Standards for Web Standards wanted

Robert Nyman and Vlad Alexander have published An Open Letter to WaSP, in which they call for a unified way of promoting web standards:

Web Standards are failing to break into mainstream development because the Web Standards community does not speak with a unified voice.

I agree with that quote (though that isn’t the only reason). However, I’m not so sure the idea of standards for standards would work. Let me think about it for a while. In the meantime, go read the open letter and contribute to the discussion.

Posted on October 4, 2005 in Quicklinks, Web Standards

Comments

  1. Molly seemed to agree, at least to some extent.

    I would like it, to have a place to refer people to when they ask the question “why should we?”. Cause I said so doesn’t work any more… ;)

  2. I don’t think standards are failing to break into mainstream. In the last few years, is there a major commercial site revision that HASN’T used web standards? While many companies don’t see standards alone as a good enough reason for spending money on a new site, when the time comes to rebuild using standards seems to be a given.

  3. I’m in the process right now of teaching my mom (a web dev of ten years) about standards. It’s completely unheard of among her coworkers, and she works for a Fortune 500 company. There are scores of developers who never, ever come across standards advocates; who continue to base their entire career on some eight-year-old book about HTML 2 or 3.

    I hate to say it, but there is going to be a very big wash-out of non-standards-based coders in corporate America. As standards do become more mainstream, and as companies realize that proper code requires a fraction of the work, the overinvlated web budgets are going to shrink, and jobs are going to go with it. My mom is beginning to recognize this, and it is a very good motivation to embrace standards. After all, I wouldn’t want to be the last person in my department to learn how to do their job correctly.

    I think a uniform approach to education is ideal. Personally, I am more than willing to be told that my DOCTYPE declaration is incorrect, or a feature is inaccessible. I don’t pursue standards in order to be right all the time. I pursue standards in order to be standard.

    BTW, I think that Anne van Kesteren is right on with his prediction of what the new “standard” would be: XHTML, CSS 2.1, and UTF-8.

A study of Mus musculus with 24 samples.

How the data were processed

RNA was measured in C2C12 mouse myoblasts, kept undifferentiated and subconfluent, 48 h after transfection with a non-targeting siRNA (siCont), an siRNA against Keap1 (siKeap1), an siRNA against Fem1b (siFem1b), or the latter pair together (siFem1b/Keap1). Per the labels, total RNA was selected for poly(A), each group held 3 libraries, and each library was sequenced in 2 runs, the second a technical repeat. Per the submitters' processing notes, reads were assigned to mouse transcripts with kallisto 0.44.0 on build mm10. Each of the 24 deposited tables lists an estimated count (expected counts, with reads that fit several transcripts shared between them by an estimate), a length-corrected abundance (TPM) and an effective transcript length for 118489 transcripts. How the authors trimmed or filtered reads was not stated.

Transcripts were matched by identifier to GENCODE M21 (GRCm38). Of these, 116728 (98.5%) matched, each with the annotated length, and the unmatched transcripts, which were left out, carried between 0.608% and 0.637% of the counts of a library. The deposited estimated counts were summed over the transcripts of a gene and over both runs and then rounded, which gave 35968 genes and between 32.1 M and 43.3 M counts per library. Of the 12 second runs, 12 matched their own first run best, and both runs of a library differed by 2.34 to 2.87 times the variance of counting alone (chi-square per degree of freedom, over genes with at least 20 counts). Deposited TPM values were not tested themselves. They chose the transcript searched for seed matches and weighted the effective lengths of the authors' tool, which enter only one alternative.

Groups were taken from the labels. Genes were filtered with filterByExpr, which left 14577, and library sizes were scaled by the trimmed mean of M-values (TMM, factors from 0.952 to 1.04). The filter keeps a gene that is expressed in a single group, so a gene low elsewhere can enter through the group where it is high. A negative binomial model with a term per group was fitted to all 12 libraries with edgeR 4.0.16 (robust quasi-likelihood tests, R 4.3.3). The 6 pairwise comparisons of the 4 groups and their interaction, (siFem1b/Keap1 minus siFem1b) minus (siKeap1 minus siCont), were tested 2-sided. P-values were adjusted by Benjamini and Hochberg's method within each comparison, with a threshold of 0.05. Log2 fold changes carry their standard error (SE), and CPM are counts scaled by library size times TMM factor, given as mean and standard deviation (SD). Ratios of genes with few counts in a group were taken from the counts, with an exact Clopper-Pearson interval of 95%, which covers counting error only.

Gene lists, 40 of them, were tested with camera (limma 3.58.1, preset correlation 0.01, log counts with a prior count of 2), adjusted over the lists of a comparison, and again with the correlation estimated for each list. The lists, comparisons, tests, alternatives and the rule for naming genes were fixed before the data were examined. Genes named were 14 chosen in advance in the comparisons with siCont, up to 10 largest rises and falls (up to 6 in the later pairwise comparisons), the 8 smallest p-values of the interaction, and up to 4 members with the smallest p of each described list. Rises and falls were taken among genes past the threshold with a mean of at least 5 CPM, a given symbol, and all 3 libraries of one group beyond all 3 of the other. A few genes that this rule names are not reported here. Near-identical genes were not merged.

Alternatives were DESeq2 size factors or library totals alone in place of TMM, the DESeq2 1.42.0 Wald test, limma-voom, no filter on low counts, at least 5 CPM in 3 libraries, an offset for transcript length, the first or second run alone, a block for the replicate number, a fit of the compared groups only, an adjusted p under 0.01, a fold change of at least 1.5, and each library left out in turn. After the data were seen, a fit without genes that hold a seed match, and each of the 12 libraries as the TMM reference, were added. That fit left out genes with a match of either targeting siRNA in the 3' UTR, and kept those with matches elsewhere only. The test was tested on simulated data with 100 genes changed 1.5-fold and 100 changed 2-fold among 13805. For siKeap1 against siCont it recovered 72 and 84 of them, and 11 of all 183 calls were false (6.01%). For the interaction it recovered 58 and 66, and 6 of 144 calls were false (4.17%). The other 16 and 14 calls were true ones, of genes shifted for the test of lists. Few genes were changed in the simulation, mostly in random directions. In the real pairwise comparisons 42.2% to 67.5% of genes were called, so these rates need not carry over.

4. October 5, 2005 by EJ Vincent

    nickster: I do not know if XHTML will be part of the “new standard” or not. What specifically comes to mind is the lack of support in IE for the correct mime-type, both in version 6 and the upcoming 7.

    Other than that, I find the idea of alot of professionals not knowing about standards both scary and enlightning. I am still relatively new to web site design (coding or graphics), but hope to always keep standrads in mind and improve in time.

  5. Everyone speaks about the correct mime-type and I just wanted to say that one of the reasons I want to use xhtml is that it means that I can use Emacs with James Clarks nxml-mode because nxml-mode validates my markup as I write it, this probably isn’t the most PC reason but it works for me. And my code is always valid, almost… :D

    nXml-mode

  6. Mats, it’s likely that it checks for well-formednesss rather than XHTML validity - but having well formed code is just as important as having valid code (of course - valid code must be well formed).

  7. Just to make I am not misunderstood. That I think XHTML 1 will be part of it, if it at all happens, does not mean I approve it. (As should be clear from the post.) I am well aware of the problems regarding Internet Explorer and XHTML, but there are still a lot of sites out there claiming to use it.

    Roger, how cool by the way that you use HTML 4.01! Brilliant.

  8. October 5, 2005 by Donnal G.

    I think people who wrote the open letter are naive to think that Anne and Hixie will ever compromize. Both Anne and Hixie are bearly our of school with no Web dev expertize to back up their statements. A few months in the testing department at Opera do not count. At least someone try to untite Web standards while others snubb their nose at W3C and develop HTML 5.

  9. Too bad you did not investigate. Not sure why I would respond to such flames but just in case other people have similar sentiments here some food for though.

    I do have web development experience as it happens. I have redone the markup for the main site from the Dutch government, overheid.nl. And I have done several less important websites, including those of a Dutch national broadcasting company.

    Also, I am in W3C working group for Opera.

  10. October 6, 2005 by Roger Johansson (Author comment)

    Anne: Hehe. I suspected you’d be happy to find that I’m using HTML 4.01 ;-).